Odds are that somewhere along the way most adults have had a tooth filled, probably more than one. Fillings are how dentists repair teeth that have been damaged in some way, usually due to tooth decay. The purpose of the filling is to restore the area of tooth that has been damaged so that it can function properly again.
There are several types of fillings available. One of the oldest filling materials available is gold. Gold is available as both a filling material and a crown material. The advantages of a gold filling is that they are very long lasting. The disadvantages of a gold filling are that they are expensive, and they are highly visible. Another very old filling material is silver amalgam. The advantages of silver amalgam are that it is inexpensive, and it also is long lasting. There are 3 distinct disadvantages to silver amalgam, however:
1- It is not bonded to the tooth, and so it does not protect the tooth from cracking. It is basically cement in a post hole.
2- It is highly visible, often turning almost black due to tarnishing.
3- Silver amalgam contains mercury. This is a controversy in dentistry right now. Some research says there is no danger, other research says that there is.
The next filling material that is available is composite resin, usually referred to as “white fillings”. The advantages of composite is that it looks just like tooth, and it bonds to the tooth. This bonding allows the filling to resist cracking of the tooth, and allows the filling to be smaller because it doesn’t have to mechanically lock into the tooth. The disadvantages of composites are that it is more expensive, takes longer to place (because of all the bonding steps), and is very technique sensitive. All the proper steps must be taken (no shortcuts) or the filling will not last very long.
So, which material does the best job overall? What would I pick for my own teeth? Here at Dayspring Laser Dentistry we do strictly composite resin (white fillings). Why is that? Let’s answer that by looking back at all the materials. Gold is a wonderful material that has stood the test of time. Direct filling of teeth with gold (not crowns) poses some special challenges. The material used is a gold foil (like aluminum foil), and it is compressed into the tooth with a small impact hammer that compresses the foil into a single block of gold (like compressing aluminum foil into a ball). These impact hammers sometimes cause inflammation to the nerve of the tooth, which can result in a root canal. Also, gold can be quite expensive, and of course, highly visible.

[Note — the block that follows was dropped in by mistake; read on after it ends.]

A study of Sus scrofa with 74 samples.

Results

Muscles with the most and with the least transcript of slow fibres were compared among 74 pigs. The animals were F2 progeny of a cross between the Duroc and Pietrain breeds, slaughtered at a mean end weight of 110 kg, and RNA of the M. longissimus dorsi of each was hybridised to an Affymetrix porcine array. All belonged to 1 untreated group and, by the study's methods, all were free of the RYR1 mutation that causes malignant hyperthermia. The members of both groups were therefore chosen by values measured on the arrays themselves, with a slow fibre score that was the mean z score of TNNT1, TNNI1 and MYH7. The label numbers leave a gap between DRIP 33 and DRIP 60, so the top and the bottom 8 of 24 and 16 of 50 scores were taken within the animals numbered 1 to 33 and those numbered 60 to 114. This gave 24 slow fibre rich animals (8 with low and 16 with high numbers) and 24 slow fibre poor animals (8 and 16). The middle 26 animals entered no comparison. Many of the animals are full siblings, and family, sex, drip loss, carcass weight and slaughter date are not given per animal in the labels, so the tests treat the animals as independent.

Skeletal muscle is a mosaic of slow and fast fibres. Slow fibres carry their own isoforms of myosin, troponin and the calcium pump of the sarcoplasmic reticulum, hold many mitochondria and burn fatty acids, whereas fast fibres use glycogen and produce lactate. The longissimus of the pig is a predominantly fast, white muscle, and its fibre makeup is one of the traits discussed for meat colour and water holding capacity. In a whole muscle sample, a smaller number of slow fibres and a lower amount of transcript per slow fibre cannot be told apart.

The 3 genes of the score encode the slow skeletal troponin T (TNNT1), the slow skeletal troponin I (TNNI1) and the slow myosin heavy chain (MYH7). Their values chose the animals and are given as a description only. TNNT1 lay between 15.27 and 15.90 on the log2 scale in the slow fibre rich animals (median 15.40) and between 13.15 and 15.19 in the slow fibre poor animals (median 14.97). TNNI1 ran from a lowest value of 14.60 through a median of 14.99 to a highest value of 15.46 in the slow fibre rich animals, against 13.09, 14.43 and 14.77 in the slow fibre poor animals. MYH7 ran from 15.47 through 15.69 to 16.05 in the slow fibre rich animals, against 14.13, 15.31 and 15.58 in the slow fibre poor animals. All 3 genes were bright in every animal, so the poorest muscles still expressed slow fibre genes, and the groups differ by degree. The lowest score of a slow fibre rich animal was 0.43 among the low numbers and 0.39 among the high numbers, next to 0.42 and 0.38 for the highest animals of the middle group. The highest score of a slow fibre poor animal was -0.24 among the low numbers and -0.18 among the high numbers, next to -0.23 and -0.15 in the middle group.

Let’s look at silver amalgam next. From a purely dental standpoint, I want a material that bonds the tooth and restores strength, rather than acting like a wedge between the cusps. I also want to remove as little tooth as possible to restore your cavity. Of course, I want something that looks like a real tooth. But, the mercury is an important issue as well. The ADA and WHO are on record that amalgam is perfectly safe, and research has shown this. However, there are environmental factors at work as well. All dental offices are required to have an “amalgam separator on their suction systems so that amalgam scrap doesn’t go into our water supply. Also, it has been shown that mercury vapor levels are high in dental offices that use amalgam, posing a risk to those of us who work here. For these reasons, we decided 18 years ago to no longer use silver amalgam. I still have amalgams in my own mouth, and I only recommend replacing the ones that have new decay, but we don’t place any new ones. I feel that the newer materials allow us a way to restore teeth just as well without the use of mercury.
So, that brings us to composite resin “white fillings”. The most important aspect of using this material is attention to detail. Composite resin must be placed with no contamination by saliva. For this reason, we normally use a rubber dam or a special suction device that holds the mouth open, holds the tongue back, and suctions at the same time. It is also necessary to follow the bonding manufacturer’s instructions exactly. This is why composites take longer to place than other fillings, and cost more than amalgams. But, if you take these important steps, the composites will last for many years. One final step we take is a special light curing technique to reduce the shrinkage of the composite to prevent sensitivity.
At Dayspring Laser Dentistry we study constantly to be on the cutting edge of dentistry, and provide our patients with excellent care.
Call 856-875-8400 to make an appointment. You can also email us at firstname.lastname@example.org with any questions you may have.